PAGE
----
This study presents the results of an assessment of transit service integration practices in the United States. Even though little evaluation data is available to quantify the impacts of integrated transit policies and practices, transit agencies agree that service integration supports overall agency goals and benefits customers. This report highlights findings from case studies that examine various types of service integration policies related to infrastructure, schedule, information, fare payment, and special events/emergency services.
A review of the literature was initially performed to obtain a picture of the current state of the practice of transit service integration. The second phase of the project was to gather information about current and past transit agency service integration practices. Transit properties were surveyed through a two step process. An overview survey was administered to a selected group of transit agencies. Responses to the overview survey were used to screen potential candidates for the second stage of the survey. A defined set of criteria were established to narrow down the list of transit properties to participate in the second stage of the survey. The criteria used were integration practice-based and not agency-based.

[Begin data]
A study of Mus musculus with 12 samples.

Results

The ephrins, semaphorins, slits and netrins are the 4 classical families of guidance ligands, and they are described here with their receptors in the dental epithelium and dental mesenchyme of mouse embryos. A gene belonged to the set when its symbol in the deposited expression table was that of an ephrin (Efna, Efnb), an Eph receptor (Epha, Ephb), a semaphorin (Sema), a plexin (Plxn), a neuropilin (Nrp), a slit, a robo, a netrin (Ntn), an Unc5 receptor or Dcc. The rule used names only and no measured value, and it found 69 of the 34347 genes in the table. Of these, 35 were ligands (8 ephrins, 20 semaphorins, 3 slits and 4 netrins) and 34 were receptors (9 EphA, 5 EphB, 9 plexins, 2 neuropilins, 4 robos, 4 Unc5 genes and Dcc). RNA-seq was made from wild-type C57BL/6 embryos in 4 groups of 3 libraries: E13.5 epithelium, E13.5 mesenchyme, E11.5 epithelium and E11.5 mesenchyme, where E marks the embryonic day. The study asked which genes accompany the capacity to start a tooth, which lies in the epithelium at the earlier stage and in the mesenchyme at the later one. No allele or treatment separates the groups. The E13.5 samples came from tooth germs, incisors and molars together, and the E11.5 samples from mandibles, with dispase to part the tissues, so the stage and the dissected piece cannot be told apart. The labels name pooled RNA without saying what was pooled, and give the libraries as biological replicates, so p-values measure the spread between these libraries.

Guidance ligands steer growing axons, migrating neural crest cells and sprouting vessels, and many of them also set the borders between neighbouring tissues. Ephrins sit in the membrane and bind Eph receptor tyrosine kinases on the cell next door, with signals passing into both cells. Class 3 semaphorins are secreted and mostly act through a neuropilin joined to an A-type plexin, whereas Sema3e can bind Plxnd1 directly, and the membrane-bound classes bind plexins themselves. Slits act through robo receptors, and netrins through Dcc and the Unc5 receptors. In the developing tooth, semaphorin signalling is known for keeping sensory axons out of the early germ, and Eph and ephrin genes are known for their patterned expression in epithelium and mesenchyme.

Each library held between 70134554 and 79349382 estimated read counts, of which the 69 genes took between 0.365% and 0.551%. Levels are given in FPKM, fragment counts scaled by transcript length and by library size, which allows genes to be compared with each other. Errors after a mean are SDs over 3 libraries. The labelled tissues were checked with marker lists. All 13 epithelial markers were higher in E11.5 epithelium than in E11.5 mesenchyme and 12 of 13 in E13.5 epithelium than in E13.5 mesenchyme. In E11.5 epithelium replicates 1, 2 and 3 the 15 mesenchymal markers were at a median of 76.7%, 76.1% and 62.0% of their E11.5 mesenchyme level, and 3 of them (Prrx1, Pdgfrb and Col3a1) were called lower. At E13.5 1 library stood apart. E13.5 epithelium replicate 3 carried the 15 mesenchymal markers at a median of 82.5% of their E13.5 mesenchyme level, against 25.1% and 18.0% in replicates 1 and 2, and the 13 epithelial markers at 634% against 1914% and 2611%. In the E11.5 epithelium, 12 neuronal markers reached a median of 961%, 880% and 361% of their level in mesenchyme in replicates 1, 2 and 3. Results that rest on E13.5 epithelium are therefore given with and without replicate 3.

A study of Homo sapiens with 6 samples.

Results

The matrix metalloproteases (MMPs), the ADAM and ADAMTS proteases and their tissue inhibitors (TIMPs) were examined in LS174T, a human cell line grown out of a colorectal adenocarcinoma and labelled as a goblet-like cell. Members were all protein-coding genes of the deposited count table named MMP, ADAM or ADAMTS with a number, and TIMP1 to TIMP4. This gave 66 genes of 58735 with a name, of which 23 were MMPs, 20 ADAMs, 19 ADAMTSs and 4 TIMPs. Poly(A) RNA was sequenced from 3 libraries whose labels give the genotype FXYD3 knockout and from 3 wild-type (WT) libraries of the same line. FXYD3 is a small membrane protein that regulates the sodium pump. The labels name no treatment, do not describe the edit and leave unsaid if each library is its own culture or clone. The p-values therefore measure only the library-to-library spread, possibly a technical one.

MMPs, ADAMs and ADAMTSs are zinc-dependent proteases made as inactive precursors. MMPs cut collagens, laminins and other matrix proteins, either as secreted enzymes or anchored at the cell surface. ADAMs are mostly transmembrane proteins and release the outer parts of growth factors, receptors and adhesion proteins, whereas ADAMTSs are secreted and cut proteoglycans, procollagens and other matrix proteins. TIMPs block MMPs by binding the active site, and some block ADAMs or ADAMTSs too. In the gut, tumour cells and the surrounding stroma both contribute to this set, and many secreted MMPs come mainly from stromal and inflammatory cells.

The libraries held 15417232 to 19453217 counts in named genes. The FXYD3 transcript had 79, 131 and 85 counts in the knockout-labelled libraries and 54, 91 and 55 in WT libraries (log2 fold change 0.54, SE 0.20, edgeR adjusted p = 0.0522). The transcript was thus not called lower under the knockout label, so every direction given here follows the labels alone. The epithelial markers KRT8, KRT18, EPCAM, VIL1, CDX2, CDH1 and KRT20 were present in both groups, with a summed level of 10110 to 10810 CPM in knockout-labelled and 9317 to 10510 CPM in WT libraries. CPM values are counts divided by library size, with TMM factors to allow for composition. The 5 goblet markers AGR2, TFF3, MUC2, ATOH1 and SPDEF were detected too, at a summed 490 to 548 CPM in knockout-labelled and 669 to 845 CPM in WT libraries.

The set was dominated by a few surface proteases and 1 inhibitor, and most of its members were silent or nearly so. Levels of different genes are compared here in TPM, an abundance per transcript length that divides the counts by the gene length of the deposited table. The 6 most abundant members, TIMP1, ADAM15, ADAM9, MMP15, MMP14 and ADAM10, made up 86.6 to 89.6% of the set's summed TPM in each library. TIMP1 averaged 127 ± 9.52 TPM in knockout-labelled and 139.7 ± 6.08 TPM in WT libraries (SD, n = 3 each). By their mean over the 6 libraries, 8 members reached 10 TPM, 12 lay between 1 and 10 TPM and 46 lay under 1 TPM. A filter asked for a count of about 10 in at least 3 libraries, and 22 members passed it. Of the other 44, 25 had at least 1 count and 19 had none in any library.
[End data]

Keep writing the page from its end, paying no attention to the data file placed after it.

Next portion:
Based on the responses from the second stage survey, several service integration practices were selected for more in-depth evaluation in the form of site-specific case studies. Case study sites were selected for a variety of reasons:
- Innovative institutional and funding arrangements between local and regional agencies.
- Availability of data to measure impacts.
- A complex environment where coordination efforts have focused on reversing trends that have led to fragmentation of the region's transit system.
- The region offers a unique example of joint operation of transit services.
- The region has unique characteristics that help promote service integration practices.
- Local agencies pre-date the rise of a new regional entity that is attempting to engineer service integration.
The Puget Sound region of Washington State was one of the 12 agencies that responded to the second stage survey on fare payment integration practices and was selected for case study evaluation. The Puget Sound region includes the following agencies: Sound Transit, King County Metro Transit, Pierce Transit, Community Transit, and Everett Transit. In 1999, they implemented a set of joint passes and in 2000, they agreed to accept other's transfers as payment of base fare.
Riders have increasingly used multiple agencies for their travel in the Puget Sound region.
Pierce Transit Survey:
- The percent using the Puget Pass on other systems had increased from 41 percent in 2001 to 60 percent in 2004.
- Showed that use of another transit system in the previous 30 days had risen from 19 percent in 1998 to 27 percent in 2004.
- The awareness that the Puget Pass could be used on multiple systems increased from 65 percent in 2001 to 67 percent in 2004.
- The use of Puget Pass on other systems increased from 12 percent in 1999 to 27 percent in 2000.
- Showed that the awareness that Puget Pass could be used on multiple systems increased from 61 percent in 1999 to 69 percent in 2000.
(Our website has many links to other organizations. While we offer these electronic linkages for your convenience in accessing transportation-related information, please be aware that when you exit our website, the privacy and accessibility policies stated on our website may not be the same as that on other websites.)